Captain Cool: The MS Dhoni Story talks about the rise and rise of the cricketer from someone to THE ONE, and that too in a match report-like narrative that perfectly tributes Indian cricket. Authored by veteran sports journalist Gulu Ezekiel, this is a book that’s meant to adorn the shelves of cricket lovers, and of course, Dhoni’s fans.
The first two chapters of the book shall arrest your attention completely. Titled ‘Early Years’ and ‘First Class Cricket’, these chapters provide insight to the kind of cricketer Dhoni was in his early years. He wasn’t a natural, and was rejected by the Railways Ranji Trophy team. His passion for cricket made him play for Bihar’s Ranji team, and that was very difficult. From there he slogged out for Bihar, Jharkhand and East Zone, and statistician Mohandas Menon has made these segments interesting by giving in the figures Dhoni had registered while playing in the domestic circuit. Come 2001, and Dhoni gets his first job as a ticket collector in Kharagpur, and it’s here where he developed his own batting technique with a tennis ball over the 18-yard pitch- a successful anti-york technique that he employs even today.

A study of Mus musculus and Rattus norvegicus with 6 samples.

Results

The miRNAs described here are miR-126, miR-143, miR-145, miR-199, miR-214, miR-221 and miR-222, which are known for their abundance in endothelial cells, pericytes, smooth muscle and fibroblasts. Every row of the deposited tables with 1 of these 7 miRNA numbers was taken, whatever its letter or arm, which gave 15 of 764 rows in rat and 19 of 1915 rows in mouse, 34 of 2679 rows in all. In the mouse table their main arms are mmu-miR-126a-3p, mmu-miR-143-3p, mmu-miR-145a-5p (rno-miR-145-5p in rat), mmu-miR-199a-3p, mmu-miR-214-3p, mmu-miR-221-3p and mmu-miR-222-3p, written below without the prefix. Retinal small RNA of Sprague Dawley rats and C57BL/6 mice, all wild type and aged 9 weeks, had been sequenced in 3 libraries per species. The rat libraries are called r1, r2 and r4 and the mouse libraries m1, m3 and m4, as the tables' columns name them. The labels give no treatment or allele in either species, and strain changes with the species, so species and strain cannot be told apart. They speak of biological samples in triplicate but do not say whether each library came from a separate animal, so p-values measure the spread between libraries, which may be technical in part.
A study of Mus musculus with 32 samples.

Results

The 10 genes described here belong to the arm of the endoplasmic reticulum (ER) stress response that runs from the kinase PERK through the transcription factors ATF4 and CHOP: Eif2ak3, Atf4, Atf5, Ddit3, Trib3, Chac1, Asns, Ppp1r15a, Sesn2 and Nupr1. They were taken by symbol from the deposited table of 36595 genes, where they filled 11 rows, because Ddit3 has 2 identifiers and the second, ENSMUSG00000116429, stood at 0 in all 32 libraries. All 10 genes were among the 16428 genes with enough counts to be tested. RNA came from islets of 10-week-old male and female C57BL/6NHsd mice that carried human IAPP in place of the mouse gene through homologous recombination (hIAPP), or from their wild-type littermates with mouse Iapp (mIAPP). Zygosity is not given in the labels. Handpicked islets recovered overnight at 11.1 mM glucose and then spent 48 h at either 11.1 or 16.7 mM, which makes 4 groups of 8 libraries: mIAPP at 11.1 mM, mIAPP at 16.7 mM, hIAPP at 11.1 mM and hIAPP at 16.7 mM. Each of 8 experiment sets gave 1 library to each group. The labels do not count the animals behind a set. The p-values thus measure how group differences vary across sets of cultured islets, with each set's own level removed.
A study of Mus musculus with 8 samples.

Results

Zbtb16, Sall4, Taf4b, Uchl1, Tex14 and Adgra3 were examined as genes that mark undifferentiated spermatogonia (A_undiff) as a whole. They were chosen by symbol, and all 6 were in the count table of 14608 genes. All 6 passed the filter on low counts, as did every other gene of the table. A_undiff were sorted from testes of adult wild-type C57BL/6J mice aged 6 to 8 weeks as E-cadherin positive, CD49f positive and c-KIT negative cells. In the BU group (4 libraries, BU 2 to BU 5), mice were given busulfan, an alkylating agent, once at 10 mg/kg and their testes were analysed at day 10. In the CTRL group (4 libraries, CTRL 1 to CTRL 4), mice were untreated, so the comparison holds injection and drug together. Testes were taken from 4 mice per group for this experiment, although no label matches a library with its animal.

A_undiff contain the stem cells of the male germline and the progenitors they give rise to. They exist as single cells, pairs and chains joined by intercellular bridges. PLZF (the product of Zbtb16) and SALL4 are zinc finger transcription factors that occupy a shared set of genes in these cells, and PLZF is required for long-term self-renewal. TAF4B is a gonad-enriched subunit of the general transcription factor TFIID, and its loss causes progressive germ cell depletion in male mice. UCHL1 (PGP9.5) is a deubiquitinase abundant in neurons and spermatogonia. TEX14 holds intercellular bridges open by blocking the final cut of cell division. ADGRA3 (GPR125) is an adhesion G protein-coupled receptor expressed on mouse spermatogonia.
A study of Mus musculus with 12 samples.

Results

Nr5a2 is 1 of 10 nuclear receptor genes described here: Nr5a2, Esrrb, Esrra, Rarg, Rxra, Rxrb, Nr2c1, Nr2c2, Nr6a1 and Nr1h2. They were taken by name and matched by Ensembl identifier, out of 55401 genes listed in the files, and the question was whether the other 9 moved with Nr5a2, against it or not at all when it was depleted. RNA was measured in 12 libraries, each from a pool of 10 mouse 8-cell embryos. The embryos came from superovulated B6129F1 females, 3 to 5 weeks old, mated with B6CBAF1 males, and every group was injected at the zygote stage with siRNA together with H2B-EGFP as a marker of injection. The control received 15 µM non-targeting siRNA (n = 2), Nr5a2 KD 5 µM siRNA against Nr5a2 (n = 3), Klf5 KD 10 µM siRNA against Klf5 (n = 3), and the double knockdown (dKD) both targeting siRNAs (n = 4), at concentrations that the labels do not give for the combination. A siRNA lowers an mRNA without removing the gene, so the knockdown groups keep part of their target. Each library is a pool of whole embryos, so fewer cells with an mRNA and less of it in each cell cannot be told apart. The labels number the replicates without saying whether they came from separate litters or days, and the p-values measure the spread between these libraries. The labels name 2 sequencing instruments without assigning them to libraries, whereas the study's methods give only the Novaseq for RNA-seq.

While the first half of the book is immensely enjoyable for the man’s sensational rise, the second half, where most of his recent matches have been insightfully detailed, is a drag. It may become interesting to readers after some years, but not for now. Other feature in the book that add to the interest value include some photographs of the cricketer, and while most of them are available online, there are a few gems that could be found only in this book. I wonder why they included the appendix with all the stats, as they change with every single match, but anyways.
This is a good book celebrating the coolest and the most successful Indian Cricket captain ever, and fans may like to lay their hands on it.